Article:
Last year, I signed up for a printmaking course at the local community college. It was cancelled due to low enrollment and I vowed to explore the topic on my own (pokey) time. Fast forward to a year later… I gradually began buying supplies when I found them on sale and then my sister gave me a book and a few more tools for Christmas. So, today I whipped out my trusty Sharpie marker and started sketching all sorts of summery/floral designs. I transferred my drawing and cut my first design. The photos above are what resulted — not the clearest prints (also not the greatest inks), but not bad for a first try.
Should you feel inspired to try block printing, YouTube is a great resource! These are the items you would need to get started:
- brayer (small roller)
- baren (or something else to apply pressure with, even a spoon or mug could potentially work)
- ink (block printing ink – I used Dick Blick inks but there are many other brands, for those on a budget perhaps even liquid acrylics or a stamp pad)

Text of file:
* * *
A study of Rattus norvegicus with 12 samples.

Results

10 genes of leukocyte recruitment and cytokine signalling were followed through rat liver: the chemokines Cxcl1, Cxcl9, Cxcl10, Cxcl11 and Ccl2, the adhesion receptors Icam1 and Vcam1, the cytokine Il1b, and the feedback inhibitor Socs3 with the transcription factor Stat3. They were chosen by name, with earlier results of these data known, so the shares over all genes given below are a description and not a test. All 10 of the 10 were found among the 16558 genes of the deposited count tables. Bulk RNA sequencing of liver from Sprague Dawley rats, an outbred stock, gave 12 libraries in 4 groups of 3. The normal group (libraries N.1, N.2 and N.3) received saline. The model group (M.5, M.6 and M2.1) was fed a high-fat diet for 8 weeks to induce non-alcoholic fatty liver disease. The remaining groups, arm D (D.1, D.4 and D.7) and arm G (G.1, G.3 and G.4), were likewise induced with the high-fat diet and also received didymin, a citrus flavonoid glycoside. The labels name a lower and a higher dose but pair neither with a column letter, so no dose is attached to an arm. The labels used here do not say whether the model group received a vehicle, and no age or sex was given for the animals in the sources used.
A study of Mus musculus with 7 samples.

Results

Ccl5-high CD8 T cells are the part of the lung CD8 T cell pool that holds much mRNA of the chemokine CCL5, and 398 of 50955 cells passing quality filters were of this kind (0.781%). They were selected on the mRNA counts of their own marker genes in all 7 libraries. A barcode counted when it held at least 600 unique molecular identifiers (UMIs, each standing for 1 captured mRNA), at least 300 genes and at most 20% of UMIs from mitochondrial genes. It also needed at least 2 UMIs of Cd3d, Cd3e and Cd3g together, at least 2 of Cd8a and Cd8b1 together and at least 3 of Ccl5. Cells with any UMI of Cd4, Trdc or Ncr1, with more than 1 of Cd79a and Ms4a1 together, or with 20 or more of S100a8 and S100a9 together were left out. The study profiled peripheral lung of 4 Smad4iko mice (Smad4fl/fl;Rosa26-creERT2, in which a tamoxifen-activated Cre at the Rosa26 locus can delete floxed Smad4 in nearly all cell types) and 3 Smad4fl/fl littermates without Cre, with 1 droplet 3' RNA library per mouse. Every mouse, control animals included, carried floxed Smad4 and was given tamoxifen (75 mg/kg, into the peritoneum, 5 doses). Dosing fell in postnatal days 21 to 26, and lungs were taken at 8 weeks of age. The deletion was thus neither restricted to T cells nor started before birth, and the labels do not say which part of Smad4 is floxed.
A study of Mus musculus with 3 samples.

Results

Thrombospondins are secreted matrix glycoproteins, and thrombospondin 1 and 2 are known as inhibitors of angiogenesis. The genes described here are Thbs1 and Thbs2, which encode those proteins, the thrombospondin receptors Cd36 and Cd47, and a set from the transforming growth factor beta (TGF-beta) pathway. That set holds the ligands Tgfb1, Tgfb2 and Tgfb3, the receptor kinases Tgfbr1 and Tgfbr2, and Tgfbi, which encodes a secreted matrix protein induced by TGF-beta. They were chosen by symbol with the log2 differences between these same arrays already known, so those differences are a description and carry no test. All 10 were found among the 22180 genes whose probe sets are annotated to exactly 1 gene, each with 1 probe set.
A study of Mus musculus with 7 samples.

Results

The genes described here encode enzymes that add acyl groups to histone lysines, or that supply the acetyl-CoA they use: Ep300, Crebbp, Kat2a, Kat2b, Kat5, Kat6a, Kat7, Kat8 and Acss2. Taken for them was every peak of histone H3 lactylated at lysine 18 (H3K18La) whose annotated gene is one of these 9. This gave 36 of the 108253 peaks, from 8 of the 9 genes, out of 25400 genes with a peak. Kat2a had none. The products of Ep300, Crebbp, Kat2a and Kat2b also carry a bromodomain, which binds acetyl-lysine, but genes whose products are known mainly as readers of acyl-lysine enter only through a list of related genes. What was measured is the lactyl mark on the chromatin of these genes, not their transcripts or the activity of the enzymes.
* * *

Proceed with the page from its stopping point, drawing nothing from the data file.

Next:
- thick paper (cardstock or a brown grocery bag)
- carving surface (I used Speedball Speedy-Carve, but there are other options)
- lino cutter (this multi-tip tool is handy, also by Speedball)
- smooth surface to roll your ink (a piece of plexiglass, a plastic tray, etc.)
First, you’ll need to freehand or transfer your design/artwork onto your carving surface. A hint for transferring: flip your drawing/artwork over (you should be able to see your design through the paper), scribble over the back of the design using a pencil. Flip your paper back over (design/artwork side up), and set it over your carving surface. Now, trace your work with a stylus or draw on top of it with a pencil, and as you press down, the pencil scribblings from the back side will allow the image to transfer onto the carving surface.
I won’t go into the details of carving and printing, as it is much easier to do an internet search and watch a video of this (this one is fairly helpful: http://youtu.be/WNsTQpVlmw4
One last little fun tip: in addition to carving artwork, you can also make prints from natural items (nature printing) such as leaves and feathers. A little tricky when starting, but fun once you get the hang of it!
I’m looking for ideas for my next print – any suggestions?